246 members have voted

  1. 1. How important is Global Warming to you in the Grand Scheme of Things?

    • Give me a break, I've enough on my plate
      17
    • I suppose there's something in it, but it's for the Politicians/Corporations/Those in power to sort out
      4
    • Yes I think it is important and I try to do my bit.
      79
    • If we don't stop it, the Planet dies in a few years, it's as simple as that.
      34
    • I think it is all hype and not half as bad as they make out
      108
    • I don't know what to think
      17

This poll is closed to new votes



 

Using these datasets it is estimated that around 30% of the observed rate of rise over the satellite altimeter time period is due to ocean thermal expansion and 55% results from accumulated melting land ice. There is evidence that the land ice melt contribution has increased significantly over the past five years.

 

That's not to say I don't believe we should tighten our belts and stop taking for granted the resources we rape and plunder unnecessarily.


 

And we do the same with the environment: we fail to take painful measures in the present that could ease our existence in the future, because we think they're too arduous – unless you're a spluttering contrarian, in which case you think the whole climate change thing is a load of trumped-up phooey anyway, and that all scientists are shifty, self-serving exaggerators, apart from the brave handful who agree with you. Hey, I'm no scientist. I'm not an engineer either, but if I asked 100 engineers whether it was safe to cross a bridge, and 99 said no, I'd probably try to find another way over the ravine rather than loudly siding with the underdog and arguing about what constitutes a consensus while trundling across in my Hummer.

 

The full article is here: http://www.guardian.co.uk/commentisfree/2010/mar/15/charlie-brooker-time

And worth reading, as he always is.


As for the "Arctic seems to be freezing up nicely", this is just rubbish. The ice area recovery is only just keeping up with 2007-08, the worst season ever recorded.

http://nsidc.org/data/seaice_index/images/daily_images/N_stddev_timeseries.png

 

 

Have you looked at that graph lately AT? Still freezing up nicely, I would say...:twisted:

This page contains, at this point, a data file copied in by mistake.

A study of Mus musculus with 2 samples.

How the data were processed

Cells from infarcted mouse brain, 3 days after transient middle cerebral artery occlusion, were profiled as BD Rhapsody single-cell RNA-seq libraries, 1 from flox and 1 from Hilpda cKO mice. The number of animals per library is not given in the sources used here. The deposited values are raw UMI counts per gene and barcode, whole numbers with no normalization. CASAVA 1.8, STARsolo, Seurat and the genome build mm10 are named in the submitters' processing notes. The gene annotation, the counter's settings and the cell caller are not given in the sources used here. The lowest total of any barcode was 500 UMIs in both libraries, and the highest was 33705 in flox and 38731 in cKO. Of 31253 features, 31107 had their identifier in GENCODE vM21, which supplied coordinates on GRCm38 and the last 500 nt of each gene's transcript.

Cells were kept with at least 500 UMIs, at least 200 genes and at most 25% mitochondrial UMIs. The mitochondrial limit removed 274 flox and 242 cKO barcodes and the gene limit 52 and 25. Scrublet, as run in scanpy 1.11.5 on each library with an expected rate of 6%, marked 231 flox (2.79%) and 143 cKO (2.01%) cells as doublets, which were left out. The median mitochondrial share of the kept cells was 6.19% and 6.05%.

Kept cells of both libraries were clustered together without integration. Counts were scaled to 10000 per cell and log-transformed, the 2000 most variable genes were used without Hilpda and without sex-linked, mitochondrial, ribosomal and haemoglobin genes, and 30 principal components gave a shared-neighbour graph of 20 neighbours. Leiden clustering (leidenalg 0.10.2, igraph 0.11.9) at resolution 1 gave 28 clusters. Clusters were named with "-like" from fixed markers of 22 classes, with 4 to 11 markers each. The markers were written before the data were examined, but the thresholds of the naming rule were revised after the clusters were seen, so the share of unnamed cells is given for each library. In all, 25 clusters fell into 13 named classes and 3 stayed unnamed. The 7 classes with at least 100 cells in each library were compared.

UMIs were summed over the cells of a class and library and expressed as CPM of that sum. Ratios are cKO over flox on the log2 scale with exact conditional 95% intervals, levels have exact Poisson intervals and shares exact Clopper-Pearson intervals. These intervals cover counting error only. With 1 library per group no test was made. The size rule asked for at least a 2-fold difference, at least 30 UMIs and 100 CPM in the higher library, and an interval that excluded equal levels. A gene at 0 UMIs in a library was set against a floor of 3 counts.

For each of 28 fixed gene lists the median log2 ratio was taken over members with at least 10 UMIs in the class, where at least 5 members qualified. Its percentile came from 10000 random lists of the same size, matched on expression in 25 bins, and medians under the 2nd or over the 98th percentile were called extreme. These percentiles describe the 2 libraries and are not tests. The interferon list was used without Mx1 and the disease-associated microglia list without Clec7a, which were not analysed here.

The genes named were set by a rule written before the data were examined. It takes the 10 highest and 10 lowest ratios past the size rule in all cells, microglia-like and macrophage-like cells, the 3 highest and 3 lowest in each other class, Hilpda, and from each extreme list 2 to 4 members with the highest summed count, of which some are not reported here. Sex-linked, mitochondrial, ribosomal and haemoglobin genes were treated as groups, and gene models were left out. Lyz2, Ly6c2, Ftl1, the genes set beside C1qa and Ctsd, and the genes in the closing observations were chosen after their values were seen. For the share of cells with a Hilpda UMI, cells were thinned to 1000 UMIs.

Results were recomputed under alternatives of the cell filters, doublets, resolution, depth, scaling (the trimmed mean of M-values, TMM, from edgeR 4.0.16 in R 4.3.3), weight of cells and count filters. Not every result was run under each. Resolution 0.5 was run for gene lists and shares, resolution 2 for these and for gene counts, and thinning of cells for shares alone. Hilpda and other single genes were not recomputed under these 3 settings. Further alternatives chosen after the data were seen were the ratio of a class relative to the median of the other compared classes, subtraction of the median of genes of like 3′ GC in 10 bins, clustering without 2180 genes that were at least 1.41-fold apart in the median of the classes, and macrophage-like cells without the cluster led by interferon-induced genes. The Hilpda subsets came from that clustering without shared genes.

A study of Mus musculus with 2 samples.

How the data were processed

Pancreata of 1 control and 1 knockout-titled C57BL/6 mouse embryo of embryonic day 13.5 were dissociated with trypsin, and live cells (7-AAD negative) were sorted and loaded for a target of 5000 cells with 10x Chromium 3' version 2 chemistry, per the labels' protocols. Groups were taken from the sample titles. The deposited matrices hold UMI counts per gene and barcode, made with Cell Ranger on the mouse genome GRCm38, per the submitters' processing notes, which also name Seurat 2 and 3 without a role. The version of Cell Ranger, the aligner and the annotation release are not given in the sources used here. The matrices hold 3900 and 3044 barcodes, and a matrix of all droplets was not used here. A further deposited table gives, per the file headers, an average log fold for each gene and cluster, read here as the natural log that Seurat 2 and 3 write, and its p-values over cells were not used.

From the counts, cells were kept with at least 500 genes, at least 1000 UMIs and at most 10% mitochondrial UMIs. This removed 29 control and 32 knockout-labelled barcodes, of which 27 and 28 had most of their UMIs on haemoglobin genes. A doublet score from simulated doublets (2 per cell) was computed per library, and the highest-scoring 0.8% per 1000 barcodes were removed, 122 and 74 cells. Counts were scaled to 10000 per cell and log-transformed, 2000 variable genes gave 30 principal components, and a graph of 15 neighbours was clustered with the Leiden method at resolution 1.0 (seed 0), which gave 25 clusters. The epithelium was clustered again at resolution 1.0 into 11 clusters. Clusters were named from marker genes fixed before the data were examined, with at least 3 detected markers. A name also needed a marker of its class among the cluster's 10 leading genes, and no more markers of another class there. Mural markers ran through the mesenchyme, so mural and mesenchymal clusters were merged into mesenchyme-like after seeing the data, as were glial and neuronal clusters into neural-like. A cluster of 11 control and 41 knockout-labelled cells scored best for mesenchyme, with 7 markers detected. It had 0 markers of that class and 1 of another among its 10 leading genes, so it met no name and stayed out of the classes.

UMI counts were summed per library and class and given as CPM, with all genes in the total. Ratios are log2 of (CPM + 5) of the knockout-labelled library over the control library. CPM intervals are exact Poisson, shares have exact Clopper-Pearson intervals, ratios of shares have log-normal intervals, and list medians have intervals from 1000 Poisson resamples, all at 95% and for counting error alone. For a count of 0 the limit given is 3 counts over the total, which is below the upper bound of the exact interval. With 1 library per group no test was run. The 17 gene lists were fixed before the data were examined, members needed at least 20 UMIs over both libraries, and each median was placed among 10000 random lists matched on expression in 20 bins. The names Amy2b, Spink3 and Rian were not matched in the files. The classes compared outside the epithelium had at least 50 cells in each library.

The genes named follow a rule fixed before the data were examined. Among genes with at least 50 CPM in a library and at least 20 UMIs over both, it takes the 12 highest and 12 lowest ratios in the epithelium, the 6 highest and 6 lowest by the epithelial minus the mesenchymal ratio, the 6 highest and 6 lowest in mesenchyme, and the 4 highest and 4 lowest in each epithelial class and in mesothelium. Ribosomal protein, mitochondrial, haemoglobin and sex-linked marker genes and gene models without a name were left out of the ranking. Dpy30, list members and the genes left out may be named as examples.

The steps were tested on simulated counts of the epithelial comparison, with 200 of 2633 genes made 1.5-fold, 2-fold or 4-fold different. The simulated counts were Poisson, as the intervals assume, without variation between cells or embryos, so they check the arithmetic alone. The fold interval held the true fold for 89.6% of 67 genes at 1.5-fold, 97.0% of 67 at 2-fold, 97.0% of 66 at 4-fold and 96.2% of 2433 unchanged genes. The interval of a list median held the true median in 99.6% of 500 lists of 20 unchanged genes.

In fact, ice extent is almost back to "normal" - and in a winter which has been anomalously warm in the arctic. What is the explanation for that? The Arctic is warm and yet the sea ice just keeps on growing and growing!


 

As far as your point goes, I would hardly call it "freezing up nicely". It is better than the worst year recorded but it's only manifested this in the last month or so. Prior to that and for most of the winter it was tracking the lowest year ever.

 

A late burst of freezing means that all the new ice you're so pleased about is thin, single year ice. This will melt all the more quickly when the summer melting season starts, so I would hardly call this grounds for optimism. And with El Nino conditions holding on in the Pacific, we're still on course for a record breaking warm year this year so it wouldn't surprise me to see record melting this summer.


Some exsperts suggest we would be encased in a kilometre snow drift by now if we had not taken this action ?

A thing to remember about exsperts , x being an unknown quantity and a spurt being a drip under pressure .

Now you have moved on to but this summer is gonna be a hot un , ( maybe even as hot as 1976 , or one of those summers in the medieval warm period perhaps as some xspurts suggest !)

It all remains to be seen , come on cheer up its been the coldest winter in 30 year!


Malachy is quite right to say that weather blibs like this cold winter don't contradict global warming theory. If you read the National GEographical article GB-cheese gives a link to in his post his example of high rainfalls in North Africa are actually a direct result of global warming and not the opposite, but a very interesting one. It seems that global warming hasn't led to the expansion of deserts as was forecast, some deserts are shrinking because the warmer air caused by global warming generates more moisture and produces higher rainfall. That's how I understand it, please correct me if I'm wrong.

It looks like this has taken the scientists by surprise. To me this means that nature reacts in ways that can't be predicted or forecast, quite an interesting development.